BECAUSE David Finley had retired 21 years before his death yesterday, perhaps only a few of the visitors to the National Gallery will recall his name. But all of them owe him a debt of gratitude. He was the Gallery's first director, and he had a speical genius for persuading the great collectors of his time to part with their pictures in behalf of a greater collection for the national capital. It was a style of patriotism now a little out of fashion, but the present generation of Americans is greatly its beneficiary.

The original idea for the Gallery, and the money, came from Andrew Mellon. The technical expert in the small group that established it was John Walker, who succeeded Mr. Finley as director. Mr. Finley's special contribution was a single-minded enthusiasm and a truly virtuoso skill in what you might call the diplomacy of art. After Mr. Mellon's death, the world's most important privately owned collection was held by Samuel Kress. Not many people realized the scale of the Kress acquisitions, but Mr. Finley heard of it and paid a call on Mr. Kress in New York. He arrived at three o'clock on a winter afternoon in 1938 (according to Mr. Walker's history of the Gallery) and stayed until 10 p.m. In the course of those seven hours, he persuaded Mr. Kress to abandon the private museum already being designed for a site on Fifth Avenue. Instead, the Kress Collection came to Constitution Avenue, where people who work downtown can now visit on their lunch hours.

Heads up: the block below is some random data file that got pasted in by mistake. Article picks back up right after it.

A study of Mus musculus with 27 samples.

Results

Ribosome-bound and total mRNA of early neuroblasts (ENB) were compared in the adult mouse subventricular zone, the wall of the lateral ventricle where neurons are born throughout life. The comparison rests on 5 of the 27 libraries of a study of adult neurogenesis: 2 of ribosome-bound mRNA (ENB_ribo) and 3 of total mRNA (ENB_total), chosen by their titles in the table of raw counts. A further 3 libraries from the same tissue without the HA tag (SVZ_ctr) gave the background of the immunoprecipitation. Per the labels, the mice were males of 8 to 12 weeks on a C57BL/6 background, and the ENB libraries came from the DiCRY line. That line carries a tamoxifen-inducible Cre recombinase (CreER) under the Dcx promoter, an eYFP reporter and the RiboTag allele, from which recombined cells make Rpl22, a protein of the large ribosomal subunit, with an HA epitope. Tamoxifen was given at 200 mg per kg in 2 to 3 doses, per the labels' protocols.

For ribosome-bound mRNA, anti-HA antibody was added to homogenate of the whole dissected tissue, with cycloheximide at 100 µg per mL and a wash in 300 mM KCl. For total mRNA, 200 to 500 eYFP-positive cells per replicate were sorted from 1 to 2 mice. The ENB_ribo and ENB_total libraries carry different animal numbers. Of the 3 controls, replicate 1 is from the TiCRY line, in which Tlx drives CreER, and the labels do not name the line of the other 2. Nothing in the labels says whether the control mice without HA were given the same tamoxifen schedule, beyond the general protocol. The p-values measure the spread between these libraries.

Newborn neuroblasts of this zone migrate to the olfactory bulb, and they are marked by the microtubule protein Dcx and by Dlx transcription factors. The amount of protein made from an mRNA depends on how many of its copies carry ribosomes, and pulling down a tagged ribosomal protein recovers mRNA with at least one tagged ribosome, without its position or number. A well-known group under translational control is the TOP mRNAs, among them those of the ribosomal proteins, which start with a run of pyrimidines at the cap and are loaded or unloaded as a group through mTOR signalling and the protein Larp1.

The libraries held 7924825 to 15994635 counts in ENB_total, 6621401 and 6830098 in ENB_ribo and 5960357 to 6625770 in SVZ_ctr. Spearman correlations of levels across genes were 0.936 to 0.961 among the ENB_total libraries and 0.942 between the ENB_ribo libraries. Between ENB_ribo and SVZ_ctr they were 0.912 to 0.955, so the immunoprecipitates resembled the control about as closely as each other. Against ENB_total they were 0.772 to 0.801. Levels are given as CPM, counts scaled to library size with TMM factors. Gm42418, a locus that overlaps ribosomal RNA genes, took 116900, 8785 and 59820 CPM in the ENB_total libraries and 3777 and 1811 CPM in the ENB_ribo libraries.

The National Gallery, which opened in 1941 came along very late in the history of art collecting and museum-building. By the time that Mr. Finley came into the field, few paintings of great historical value were on the market. As a consequence, Mr. Finley collected collectors. Others whose names you can see on the frames at the Gallery include Lessing Rosenwald, and Peter and Joseph Widener - all of them (as Mr. Walker points out) Pennsylvanians like Mr. Mellon and Mr. Kress. To a remarkable extent, the Gallery is a Pennsylvanian gift to the nation.

Amidst contemporary Washington's wealth of galleries and theaters, it's difficult to recall how pinched and precarious a life the arts led here a generation ago. What the city had was mostly brought here by outsiders - imposed on the city by cultivated Americans from other regions, indignant to find the national capital living like a village of politicians and clerks. Painting was the first of the arts in which Washington came to enjoy truly first-class resources, and the museum collections set the standard for the remarkable numbers of painters who live and work here today. Mr. Finley devoted his career to a special definition of civilization, and his success is marked by the fact that the Gallery is full of people every day who now take that definition for granted.